Donald R. Leal and Vishwanie Majaraj
Marine recreational fishing is a popular activity in the coastal regions of the United States enjoyed by more than 13 million anglers annually, but along with such popularity come a number of issues that need to be addressed (NMFS 2007). For species of concernthose overfished or undergoing overfishingthe impact of recreational fishing can be especially significant. For example, recreational fishing accounts for 64 percent of the total annual harvest of red snapper and other species of concern in the U.S. Gulf of Mexico (Coleman et al. 2004).
For angling interests, fisheries regulation can be another issue. Prior regulatory tightening has not prevented recreational catches from often exceeding state-level targets in the East Coast summer flounder fisherya fishery with preliminary 2006 recreational landings totaling 11.2 million pounds or 4.1 million fish (ASMFC 2007). To make up for the overages, significantly lower catch targets have been issued for New Jersey and six other states along the East Coast for 2008 (U.S. Department of Commerce 2008). Meeting the lower targets means tighter restrictions and inevitable disagreement over which restrictions should be tightened and by how much. Bay anglers spar with ocean anglers over minimum landing size, surf anglers are upset over possible fall closures, party boat operators disagree on bag limits, and bait and tackle shops are concerned with lower participation in the fishery. “We’re dealing with geography and demographics among other things,” says one angling spokesperson in New Jersey. “The needs of those in the fishery are so different in New Jersey” (quoted in Geiser 2008).
For fish stocks shared by recreational and commercial fishers, the problem of allocation and enforcement is another issue. Off Alaska, charter boat anglers face a possible reduction in the halibut bag limitfrom two fish per day to one fish per day if their catch allocation is exceeded during the 2008 season (Associated Press 2008; NPFMC 2008). Commercial fishers complain that the “soft” recreational harvest limit for halibut is frequently exceeded. They have grown weary of recreation’s increasing share of total halibut landingsfrom 2 percent of total landings in the 1970s to more than 18 percent in the 1990s (Criddle, this volume). But charter captains claim that any reduction in client bag limits would severely hurt their businesses.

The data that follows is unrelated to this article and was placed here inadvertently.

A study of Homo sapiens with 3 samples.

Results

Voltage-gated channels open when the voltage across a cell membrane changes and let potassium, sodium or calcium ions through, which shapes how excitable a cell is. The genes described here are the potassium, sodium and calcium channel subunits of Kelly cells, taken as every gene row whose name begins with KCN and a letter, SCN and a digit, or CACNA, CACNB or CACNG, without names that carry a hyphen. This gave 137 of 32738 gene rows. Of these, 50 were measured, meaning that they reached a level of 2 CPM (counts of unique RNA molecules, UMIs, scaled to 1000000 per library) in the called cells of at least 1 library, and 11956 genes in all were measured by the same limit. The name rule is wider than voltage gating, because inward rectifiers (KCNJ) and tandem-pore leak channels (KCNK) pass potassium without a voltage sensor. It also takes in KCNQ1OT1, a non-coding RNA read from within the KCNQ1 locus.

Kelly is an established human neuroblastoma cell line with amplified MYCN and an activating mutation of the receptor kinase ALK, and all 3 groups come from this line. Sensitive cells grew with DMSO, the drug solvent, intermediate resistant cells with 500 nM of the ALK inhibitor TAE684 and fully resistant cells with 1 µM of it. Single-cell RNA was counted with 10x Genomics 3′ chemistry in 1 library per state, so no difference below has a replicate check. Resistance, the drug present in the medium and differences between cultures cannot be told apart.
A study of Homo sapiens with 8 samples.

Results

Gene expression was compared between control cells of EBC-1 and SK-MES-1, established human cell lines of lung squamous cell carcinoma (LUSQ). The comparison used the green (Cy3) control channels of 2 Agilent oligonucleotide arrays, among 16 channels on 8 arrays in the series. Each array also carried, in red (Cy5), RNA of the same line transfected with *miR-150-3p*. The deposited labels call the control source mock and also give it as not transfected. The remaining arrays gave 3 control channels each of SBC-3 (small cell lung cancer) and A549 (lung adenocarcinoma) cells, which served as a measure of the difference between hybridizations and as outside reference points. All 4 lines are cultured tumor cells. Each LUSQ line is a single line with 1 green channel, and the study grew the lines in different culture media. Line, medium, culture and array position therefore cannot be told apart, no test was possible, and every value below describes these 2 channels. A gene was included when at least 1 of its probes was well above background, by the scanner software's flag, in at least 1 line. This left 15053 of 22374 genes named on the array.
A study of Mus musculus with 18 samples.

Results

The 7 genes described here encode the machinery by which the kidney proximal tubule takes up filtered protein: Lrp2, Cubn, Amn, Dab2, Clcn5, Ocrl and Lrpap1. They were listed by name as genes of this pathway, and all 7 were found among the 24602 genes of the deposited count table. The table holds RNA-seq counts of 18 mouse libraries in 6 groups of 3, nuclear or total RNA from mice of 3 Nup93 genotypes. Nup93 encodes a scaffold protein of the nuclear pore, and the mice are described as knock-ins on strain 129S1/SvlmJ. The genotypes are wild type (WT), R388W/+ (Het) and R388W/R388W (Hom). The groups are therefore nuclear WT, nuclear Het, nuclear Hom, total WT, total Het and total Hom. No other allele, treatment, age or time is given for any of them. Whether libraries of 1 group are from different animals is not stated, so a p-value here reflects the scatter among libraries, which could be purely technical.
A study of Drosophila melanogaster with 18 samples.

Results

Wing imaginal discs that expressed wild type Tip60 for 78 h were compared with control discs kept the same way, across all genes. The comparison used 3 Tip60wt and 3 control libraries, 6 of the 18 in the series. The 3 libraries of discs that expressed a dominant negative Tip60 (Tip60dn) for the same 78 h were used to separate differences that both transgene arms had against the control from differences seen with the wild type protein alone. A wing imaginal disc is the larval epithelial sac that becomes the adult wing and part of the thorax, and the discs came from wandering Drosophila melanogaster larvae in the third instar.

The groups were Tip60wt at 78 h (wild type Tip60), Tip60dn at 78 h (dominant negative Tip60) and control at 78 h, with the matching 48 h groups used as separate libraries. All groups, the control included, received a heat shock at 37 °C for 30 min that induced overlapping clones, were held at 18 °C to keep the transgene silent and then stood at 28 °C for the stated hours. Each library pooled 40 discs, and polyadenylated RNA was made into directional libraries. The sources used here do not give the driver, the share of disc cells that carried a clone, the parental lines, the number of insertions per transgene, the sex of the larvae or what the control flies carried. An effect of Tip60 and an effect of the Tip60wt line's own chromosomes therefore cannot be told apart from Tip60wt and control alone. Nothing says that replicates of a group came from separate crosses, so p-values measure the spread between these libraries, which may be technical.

For regional stocks threatened or endangered, fishing bans are another issue. Off California and most of Oregon, managers are set to ban all commercial ocean salmon fishing and drastically reduce recreational ocean salmon fishing in 2008 to protect the fabled Chinook salmon run in California’s Sacramento River. For reasons other than fishing, the salmon run declined precipitously in 2007from a previous average of 500,000 returning adults to 90,000 returning adults (McClure 2008; Koepf 2008). Oregon anglers complain that such severe restrictions prevent them from accessing healthy runs of salmon off coastal Oregon.
Three lessons should be noted here. One is that while marine recreational fishing is an activity carried out for sport and personal use, it is still susceptible to what Garret Hardin (1968) calls the “tragedy of the commons.”[i] In this case, the tragedy manifests itself when the aggregate recreational catch often exceeds safe target levels or takes a growing share of the catch, resulting in growing conflicts with other users of the resource. The second lesson is that the traditional management approaches of reducing daily bag limits and seasons and increasing the minimum size for landing fish is often not enough to prevent overfishing (other than an outright ban on fishing), but they do generate angler discontent and lower economic benefits for those who service anglers. The third lesson is that implementing a one-size-fits-all set of restrictions over a large geographic area ignores widely varying preferences among angler populations and environmental conditions, resulting in additional angler dissatisfaction and further loss of economic benefits.
Is there an alternative approach to managing a recreational fishery one in which the aggregate catch is effectively controlled, the fishing experience remains enjoyable, and the chance for user conflict is reduced? The answer is yes. Based on evidence from the areas of pollution control, inland hunting and fishing programs, and commercial fishing, market-tradable user rights can prevent overuse of a commons without having to resort to ever tighter fishing restrictions. Moreover, they provide anglers and those who service themcharter boat operators, fishing guides, bait and tackle shop ownerswith longer seasons, more flexible harvests, and the means to trade for additional allocations with other resource users. Organized in four parts, this volume investigates such alternatives as well as the theoretical and practical aspects of implementing transferable user rights in some of today’s recreational fisheries.